Every now and then I come across a really beautiful knitting pattern, crafted from what can only be Rumplestiltskin’s gold, or something else luscious looking but equally unavailable, and I sigh, and cruise the internets and Ravelry to work out a substitution, or how to not eat for a month to afford the shipping.
So when it turns out that the yarn in question is in fact a nice little Rowan, available from all number of places including a shop five hundred yards from my office; well, it seems only right and proper to knit it up right away to encourage the knitting muses to foster more such synchronicity.
I saw the Drifted Pearls scarf on Pinterest in a gentle grey, and when I saw it called for Rowan Lima, I knew I had Mum’s Christmas present-to-be. It’s knit as a traditional scarf with a loopy bobbly edging until you get a little over half the length you might want in an ordinary scarf, then the fabric is pleated, and the pleats securely knit into a loop. Tuck the end through the loop and you have a gorgeous warm wide scarf, perfect for Mum who tends to wear her ordinary scarves this way.
(Photo shamelessly stolen from Mum)
The Amazon blue matches the hat that I made for her last Christmas, and I hope they are both keeping her warm in the wild winds that are currently howling at our windows as they whip around the house.
Further north, lots further north, is another cozy Mum. We have a simple formula for H’s Mum’s Christmas gifts: fruit jellies (the good ones made with actual fruit juice) + handknit socks = happiness.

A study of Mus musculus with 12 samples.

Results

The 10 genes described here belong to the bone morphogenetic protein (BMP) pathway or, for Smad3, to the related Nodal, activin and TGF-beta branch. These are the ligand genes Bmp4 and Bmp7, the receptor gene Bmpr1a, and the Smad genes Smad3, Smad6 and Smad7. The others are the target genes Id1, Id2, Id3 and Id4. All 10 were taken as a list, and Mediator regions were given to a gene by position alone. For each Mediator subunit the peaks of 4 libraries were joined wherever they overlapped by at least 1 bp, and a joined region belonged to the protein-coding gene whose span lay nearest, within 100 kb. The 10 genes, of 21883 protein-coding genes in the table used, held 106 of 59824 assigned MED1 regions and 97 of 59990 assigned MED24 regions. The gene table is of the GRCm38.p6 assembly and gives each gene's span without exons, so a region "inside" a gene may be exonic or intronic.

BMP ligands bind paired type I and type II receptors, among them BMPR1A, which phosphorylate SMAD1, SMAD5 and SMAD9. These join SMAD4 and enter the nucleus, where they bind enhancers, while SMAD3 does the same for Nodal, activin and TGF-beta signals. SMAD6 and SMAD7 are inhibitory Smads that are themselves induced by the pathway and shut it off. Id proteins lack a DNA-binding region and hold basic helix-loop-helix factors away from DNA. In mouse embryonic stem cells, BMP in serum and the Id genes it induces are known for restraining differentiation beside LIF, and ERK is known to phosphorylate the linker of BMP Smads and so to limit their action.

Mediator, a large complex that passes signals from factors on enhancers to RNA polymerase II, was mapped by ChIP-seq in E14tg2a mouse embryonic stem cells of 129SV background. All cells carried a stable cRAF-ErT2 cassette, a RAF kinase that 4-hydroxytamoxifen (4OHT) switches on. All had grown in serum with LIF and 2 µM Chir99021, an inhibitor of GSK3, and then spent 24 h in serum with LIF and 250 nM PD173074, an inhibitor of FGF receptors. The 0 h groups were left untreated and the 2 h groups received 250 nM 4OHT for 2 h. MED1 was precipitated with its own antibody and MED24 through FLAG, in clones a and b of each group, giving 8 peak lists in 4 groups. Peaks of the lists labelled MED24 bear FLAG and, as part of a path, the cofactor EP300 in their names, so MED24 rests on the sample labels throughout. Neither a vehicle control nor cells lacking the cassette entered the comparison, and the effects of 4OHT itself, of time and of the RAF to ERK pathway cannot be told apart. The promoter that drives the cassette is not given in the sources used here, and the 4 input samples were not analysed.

And when you know the recipient likes your knitting so much she wears holes in the heels on a regular basis, you can’t but pick up the needles:
Edwardian Boating socks, knit from an Opal blank that I hand-dyed with Kool-Aid. With a linen stitch heel and a sock yarn with a 25% nylon content I’m hoping not to see these in the mending pile for many years to come, and to be honest they may fall into the ‘oh darn’ over the bin pile as I’m not sure I could work out how to reknit linen stitch without dropping almost all of the stitches.
It’s an addictive pattern though; I’d always want to knit to the next waterboatman, and the next and the next, until I had two socks sat in front of me. I’m glad I didn’t knit them for me though as the linen stitch is not very stretchy and I would never have got them over my ankles. I know if I really wanted them for me I could change the heel flap to a simple rib, but it was nice to knit them as they were designed.
That’s almost all of the Christmas craftiness out in the open; the last little bit is still wrapped up under our tree, but before I’m truly caught up I’ve still got to tell you about the Christmas Croquembouche and my brother-in-law’s amazing ultra-slow roasted beef. That’ll have to wait for another day though as it’s late, and after an evening spent chasing electricity with a hairdryer when we got home from work to discover that none of the plugs were working, I’m off to make a nest in which to hide from the storm with a couple of quilts, a knitted blanket and as much of the duvet as I can persuade H to part with.